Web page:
On October 9, 2019, in the Jewish calendar the holiest of holidays Yom Kippur, an attacker attempted to storm a synagogue in the city of Halle with an arsenal of homemade weapons and improvised explosives. A camera on his helmet broadcast the attack live on the streaming platform “Twitch”. His opening words: “Hey, my name is Anon. And I think the Holocaust never happened.” His clear aim was to murder the 52 people inside – an attack that would have been the bloodiest antisemitic massacre in post-war Germany. Only a locked wooden door and his own incompetence spared those inside from a more gruesome fate. Out of frustration, he shot and killed a passerby, Jana L., and a guest in a nearby kebab shop, Kevin S. The accused has been charged with murder in two counts, attempted murder in 68 counts, as well as grievous bodily harm and a list of traffic misdemeanours. The trial against the attacker began on July 21, 2020 at the district court in Magdeburg. On Monday, 21 December 2020, the verdict will be announced.
At the beginning of the trial, a group of co-plaintiffs published a joint declaration in which they have called on media representatives not to mention the attacker’s name to deny him a platform. We have respected this wish in our coverage. And as the trial draws to a close, it’s vital to listen to the survivors of the attack and not the attacker. In this spirit, we have published the closing statements of survivors and co-plaintiffs in the trial, which were read out in court.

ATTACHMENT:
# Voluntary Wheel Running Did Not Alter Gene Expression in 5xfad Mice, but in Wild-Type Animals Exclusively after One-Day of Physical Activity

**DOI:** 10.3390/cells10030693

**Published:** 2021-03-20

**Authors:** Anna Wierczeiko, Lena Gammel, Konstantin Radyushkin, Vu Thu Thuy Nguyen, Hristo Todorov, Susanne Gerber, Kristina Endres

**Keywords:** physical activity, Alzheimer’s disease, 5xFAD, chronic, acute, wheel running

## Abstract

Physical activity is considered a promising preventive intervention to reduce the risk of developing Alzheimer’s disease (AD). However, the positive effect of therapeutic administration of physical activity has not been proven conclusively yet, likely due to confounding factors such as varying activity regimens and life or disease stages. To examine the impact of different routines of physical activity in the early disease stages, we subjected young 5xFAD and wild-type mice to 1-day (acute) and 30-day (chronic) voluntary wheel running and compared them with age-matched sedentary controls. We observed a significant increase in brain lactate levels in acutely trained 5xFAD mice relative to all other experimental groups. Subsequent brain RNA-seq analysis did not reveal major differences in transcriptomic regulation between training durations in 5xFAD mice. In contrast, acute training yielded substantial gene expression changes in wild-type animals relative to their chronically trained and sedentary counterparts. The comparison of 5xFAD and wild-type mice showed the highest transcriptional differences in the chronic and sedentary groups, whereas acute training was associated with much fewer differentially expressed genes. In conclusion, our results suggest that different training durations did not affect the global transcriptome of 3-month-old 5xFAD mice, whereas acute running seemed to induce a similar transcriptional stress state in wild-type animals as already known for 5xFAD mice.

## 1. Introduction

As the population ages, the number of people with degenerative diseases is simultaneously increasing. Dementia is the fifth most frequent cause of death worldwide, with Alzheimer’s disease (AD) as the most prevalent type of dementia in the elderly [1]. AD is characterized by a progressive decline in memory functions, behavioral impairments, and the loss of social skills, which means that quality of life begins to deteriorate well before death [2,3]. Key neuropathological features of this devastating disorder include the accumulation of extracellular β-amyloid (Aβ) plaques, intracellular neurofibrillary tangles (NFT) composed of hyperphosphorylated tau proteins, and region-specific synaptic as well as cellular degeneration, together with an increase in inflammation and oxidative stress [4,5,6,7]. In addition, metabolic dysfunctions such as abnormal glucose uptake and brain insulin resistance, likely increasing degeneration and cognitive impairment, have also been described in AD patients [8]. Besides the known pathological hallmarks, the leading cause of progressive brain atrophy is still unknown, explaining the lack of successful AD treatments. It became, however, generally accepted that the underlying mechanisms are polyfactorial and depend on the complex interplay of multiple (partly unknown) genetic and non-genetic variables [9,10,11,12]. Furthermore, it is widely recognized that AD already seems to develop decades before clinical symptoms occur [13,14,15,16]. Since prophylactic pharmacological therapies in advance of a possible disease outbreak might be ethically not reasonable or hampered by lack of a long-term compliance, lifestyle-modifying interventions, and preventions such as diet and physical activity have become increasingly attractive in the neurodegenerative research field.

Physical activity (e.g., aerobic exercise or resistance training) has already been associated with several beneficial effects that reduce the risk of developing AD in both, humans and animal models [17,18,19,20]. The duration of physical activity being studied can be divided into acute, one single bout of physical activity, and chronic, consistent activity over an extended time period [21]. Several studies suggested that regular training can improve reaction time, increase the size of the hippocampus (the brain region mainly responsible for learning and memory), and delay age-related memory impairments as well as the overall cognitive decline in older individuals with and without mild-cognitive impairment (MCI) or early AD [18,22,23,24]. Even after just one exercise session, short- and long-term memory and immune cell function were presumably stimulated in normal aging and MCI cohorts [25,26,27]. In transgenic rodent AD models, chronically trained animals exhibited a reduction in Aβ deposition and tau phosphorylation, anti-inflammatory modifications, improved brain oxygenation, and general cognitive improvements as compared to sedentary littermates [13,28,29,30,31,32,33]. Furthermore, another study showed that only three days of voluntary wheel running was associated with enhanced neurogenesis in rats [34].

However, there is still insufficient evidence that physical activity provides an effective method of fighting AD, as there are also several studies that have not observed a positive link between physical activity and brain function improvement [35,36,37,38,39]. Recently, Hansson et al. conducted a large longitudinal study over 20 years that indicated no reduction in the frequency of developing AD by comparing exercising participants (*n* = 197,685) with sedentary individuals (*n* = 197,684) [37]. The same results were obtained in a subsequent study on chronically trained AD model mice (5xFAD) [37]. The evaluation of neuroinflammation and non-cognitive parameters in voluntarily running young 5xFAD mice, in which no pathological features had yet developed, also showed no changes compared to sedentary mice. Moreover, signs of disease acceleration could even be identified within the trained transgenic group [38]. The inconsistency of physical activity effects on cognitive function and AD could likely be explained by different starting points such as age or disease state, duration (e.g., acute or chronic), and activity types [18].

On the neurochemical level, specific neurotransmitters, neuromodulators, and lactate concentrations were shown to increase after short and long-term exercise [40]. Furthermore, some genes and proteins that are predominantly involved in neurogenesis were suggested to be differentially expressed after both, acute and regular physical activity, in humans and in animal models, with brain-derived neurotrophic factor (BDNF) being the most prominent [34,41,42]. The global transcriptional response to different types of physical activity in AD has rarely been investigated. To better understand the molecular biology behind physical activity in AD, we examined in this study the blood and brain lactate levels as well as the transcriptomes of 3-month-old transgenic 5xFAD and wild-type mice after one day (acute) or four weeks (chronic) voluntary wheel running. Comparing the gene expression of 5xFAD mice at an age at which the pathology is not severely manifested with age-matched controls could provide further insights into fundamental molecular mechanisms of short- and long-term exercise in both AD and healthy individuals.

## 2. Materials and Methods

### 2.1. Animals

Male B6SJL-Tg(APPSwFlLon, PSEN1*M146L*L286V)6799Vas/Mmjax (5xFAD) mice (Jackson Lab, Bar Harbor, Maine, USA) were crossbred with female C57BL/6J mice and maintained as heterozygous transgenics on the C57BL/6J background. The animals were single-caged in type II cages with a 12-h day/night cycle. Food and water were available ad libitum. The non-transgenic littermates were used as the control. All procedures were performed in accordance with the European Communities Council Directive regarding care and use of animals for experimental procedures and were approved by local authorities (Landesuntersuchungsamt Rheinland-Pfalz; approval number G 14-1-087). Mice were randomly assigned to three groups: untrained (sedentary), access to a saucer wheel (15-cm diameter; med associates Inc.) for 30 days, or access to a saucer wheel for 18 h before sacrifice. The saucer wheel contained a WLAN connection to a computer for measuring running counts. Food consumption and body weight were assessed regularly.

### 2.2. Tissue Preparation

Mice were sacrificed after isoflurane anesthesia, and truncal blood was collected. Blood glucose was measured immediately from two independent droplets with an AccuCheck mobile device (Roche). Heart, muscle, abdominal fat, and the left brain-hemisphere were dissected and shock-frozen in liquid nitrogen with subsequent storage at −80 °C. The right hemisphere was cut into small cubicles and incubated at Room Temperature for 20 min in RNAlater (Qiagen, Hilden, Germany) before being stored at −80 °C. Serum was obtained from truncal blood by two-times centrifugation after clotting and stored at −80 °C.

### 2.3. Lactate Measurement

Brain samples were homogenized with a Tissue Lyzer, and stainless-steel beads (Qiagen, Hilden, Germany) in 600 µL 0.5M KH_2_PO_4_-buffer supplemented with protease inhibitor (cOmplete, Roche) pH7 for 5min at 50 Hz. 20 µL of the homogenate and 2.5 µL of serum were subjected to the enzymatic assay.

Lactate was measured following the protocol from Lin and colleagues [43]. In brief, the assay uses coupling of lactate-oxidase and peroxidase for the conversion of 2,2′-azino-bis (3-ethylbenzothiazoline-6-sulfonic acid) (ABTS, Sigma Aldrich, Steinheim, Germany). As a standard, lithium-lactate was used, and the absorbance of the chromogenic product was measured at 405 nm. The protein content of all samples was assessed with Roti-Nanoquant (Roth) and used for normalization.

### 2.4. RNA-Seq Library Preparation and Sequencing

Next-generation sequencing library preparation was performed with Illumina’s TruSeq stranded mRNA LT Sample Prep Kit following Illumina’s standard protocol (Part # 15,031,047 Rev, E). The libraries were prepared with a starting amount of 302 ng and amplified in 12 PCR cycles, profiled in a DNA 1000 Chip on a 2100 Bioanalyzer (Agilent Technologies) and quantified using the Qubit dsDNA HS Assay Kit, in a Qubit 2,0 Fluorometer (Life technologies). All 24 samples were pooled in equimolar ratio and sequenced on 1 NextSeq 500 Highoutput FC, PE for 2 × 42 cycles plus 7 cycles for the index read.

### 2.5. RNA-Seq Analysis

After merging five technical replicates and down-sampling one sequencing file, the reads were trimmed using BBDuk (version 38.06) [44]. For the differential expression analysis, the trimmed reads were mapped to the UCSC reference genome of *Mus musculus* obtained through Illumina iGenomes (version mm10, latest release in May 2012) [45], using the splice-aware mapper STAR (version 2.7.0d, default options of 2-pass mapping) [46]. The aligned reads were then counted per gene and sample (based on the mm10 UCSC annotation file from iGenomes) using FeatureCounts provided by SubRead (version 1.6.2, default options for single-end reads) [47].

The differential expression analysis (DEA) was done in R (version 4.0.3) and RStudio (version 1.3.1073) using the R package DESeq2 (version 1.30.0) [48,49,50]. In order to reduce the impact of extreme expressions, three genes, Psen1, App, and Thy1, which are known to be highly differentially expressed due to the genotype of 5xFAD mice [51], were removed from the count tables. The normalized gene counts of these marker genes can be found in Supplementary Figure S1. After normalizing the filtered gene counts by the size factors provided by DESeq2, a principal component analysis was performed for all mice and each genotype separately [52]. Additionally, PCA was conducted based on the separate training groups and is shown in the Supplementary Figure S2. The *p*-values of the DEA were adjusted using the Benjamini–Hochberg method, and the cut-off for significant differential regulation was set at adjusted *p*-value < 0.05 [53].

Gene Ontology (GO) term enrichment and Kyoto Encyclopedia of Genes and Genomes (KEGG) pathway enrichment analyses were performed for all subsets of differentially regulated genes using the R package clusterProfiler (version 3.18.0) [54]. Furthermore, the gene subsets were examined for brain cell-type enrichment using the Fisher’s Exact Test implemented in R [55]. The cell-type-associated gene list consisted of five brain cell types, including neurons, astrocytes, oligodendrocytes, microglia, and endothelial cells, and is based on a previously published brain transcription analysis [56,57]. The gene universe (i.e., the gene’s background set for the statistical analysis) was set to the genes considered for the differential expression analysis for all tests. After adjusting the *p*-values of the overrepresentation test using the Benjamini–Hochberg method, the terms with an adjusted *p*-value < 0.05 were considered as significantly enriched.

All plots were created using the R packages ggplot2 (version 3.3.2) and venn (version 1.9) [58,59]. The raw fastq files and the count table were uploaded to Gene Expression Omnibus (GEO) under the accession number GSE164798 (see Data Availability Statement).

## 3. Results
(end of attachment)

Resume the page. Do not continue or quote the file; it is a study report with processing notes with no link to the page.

Read the statements here:
“What grew out of the misery of that day is solidarity.”
(Naomi Henkel-Guembel, survivor)
“Germany has an antisemitism and racism problem. That is a fact we cannot ignore any longer.”
(Christina Feist, survivor)
“The idea of ‘Never again’ has already been disproven.”
(An anonymous survivor from the synagogue)
“At least one man is guilty. But all of German society is responsible.”
(Jeremy Borovitz, survivor)
“In this trial, we have been disappointed time and again.”
“Sitting in this courtroom, I am constantly reminded that the law is not justice.”
(Talya Feldman, survivor)
Listen to the victims, consider their perspective – and not just that of the attacker! This is a collective action organised by the Association of Counselling Centers for Victims of Right-wing, Racist and Antisemitic Violence in Germany (VBRG), in cooperation with Belltower.News, NSU Watch, democ.de and RIAS. We have documented the closing statements of some of the people who were attacked. We would like to thank the victim counselling services that have supported people throughout this trial.